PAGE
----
Shuttered Berkshire General Store Bought by Property Managers

By Brittany PolitoiBerkshires Staff

On Wednesday, the Board of Health voted to transfer a tobacco permit from the store to Cavalier Management, which has purchased the business.  

Tony Marcella and Richard Altman of the property management company attended the meeting along with Lindsey Tuller, former co-owner of Berkshire General Store.

The new owners aim to make "some improvements" if possible and reported that they are trying to keep it as a general store.  Planning is still in progress and has to be solidified within 60 days per state requirements.

"We have a lot of experience," Altman said. "We just have to see if we can make it work."

The transfer is contingent upon two outstanding application requirements that have not been fulfilled: updated licensure from the Department of Revenue and tobacco training.

"I like your store a lot," board member Steve Smith said. "I didn't know that it was up for sale or that it was being bought or anything."

Tuller has declined comment on the business's closure, disclosing that she would like to move on.

On Dec. 26, the store's Facebook profile picture was changed to a photo of the Looney Tunes closing sequence of "That's all folks!" signaling its end.

The store had been open for more than 10 years, offering an assortment of gifts, snacks, drinks, ice cream, and Boar's Head sandwiches. Being located in the Central Block on North Street, it was a popular spot for tourists and people who work downtown.

On the storefront's windows are Cavalier Management branded "for rent" banners that advertise the space as a 1,700-square-foot prime location.


By Brittany PolitoiBerkshires Staff

Linda Tyer welcomes the crowd to her last tree lighting as mayor. She leaves office in January. 

PITTSFIELD, Mass. — The city's permanent Christmas tree was lit for the holidays for the first time on Friday. Though the young tree is currently 9 feet tall, it is expected grow up to 50 feet in time.

"Look at our petite sweet little Christmas tree. I know it's a surprise to all of you to see that we have planted a tree in Park Square instead of our past tradition of having a big tree donated," Mayor Linda Tyer said.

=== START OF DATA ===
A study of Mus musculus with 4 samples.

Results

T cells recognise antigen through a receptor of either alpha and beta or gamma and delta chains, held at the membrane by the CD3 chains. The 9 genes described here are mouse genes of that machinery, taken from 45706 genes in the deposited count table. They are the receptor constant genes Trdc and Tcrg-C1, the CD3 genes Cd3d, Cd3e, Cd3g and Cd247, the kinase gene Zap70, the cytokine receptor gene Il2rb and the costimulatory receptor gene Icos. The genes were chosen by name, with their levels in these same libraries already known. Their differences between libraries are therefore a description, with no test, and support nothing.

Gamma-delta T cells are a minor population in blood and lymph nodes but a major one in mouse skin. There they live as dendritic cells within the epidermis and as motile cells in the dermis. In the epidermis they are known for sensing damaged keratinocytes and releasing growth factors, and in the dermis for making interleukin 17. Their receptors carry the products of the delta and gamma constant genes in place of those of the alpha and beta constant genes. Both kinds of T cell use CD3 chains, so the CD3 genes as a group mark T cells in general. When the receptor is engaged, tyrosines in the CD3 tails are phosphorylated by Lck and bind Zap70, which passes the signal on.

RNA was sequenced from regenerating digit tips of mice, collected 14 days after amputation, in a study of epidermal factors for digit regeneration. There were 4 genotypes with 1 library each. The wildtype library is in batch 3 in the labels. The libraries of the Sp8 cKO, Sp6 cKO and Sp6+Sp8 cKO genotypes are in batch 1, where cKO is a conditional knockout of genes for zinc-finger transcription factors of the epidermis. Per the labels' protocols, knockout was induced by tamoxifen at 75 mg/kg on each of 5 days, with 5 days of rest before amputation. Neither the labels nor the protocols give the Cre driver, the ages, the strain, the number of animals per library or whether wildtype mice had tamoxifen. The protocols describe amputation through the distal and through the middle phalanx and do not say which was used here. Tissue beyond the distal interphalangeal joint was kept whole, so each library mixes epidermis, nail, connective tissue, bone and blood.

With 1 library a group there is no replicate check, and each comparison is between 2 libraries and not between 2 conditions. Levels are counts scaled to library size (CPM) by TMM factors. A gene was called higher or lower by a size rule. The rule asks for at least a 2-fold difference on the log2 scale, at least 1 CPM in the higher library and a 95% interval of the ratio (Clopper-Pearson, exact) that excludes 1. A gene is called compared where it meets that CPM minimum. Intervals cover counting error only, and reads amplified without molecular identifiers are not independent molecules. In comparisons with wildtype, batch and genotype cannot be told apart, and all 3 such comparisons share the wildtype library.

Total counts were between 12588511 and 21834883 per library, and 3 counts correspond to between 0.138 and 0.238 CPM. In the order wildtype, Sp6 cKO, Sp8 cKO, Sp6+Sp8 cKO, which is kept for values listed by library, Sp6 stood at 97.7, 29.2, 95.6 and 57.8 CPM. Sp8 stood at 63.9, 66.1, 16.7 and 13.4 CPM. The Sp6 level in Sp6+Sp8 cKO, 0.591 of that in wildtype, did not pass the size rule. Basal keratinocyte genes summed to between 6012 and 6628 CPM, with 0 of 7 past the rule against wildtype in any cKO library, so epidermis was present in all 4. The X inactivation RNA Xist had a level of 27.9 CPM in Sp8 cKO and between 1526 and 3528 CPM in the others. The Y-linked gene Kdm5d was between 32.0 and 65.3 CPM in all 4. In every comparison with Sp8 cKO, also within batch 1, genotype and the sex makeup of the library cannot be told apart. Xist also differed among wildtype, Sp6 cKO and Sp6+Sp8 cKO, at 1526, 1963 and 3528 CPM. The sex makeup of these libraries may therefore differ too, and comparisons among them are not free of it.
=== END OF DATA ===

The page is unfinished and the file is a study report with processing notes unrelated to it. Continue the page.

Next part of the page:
"We really felt strongly that this was the time for us to preserve our natural forests by not cutting down trees and planting a tree here in Park Square that will grow and grow and grow, and I encourage moms and dads and grandparents and caregivers to get a photo with your kids next to this tree every year so you can watch them and the tree grow."

The rain didn't stop the tree-lighting ceremony on Friday. Families gathered with umbrellas around the conifer that was planted in October as they waited for Santa and Mrs. Claus to arrive.

"Here comes Santa Claus," Recreation and Special Events Coordinator Maddy Brown said as the Pittsfield High School chorus sang "Winter Wonderland."

The jolly duo pulled up on firetrucks to a long line of children waiting to recite their Christmas lists.

The tree was lit before the guests arrived, as the city felt due to its small stature it would be more festive to have it that way. Additionally, the shrubs around the fountain were illuminated.

Last year, the tree lighting ceremony returned in person after a two-year hiatus due to COVID-19. Over the years, it has become harder for the city to locate a tree and transport it for installation.

This type of fir has a silver blue color, is more desirable under urban conditions, and has the least pest problems of many evergreens, Park, Open Space and Natural Resource Program Manager James McGrath said. It will grow about 10 inches per year and will typically reach 30-50 feet tall and 15-25 feet wide when mature.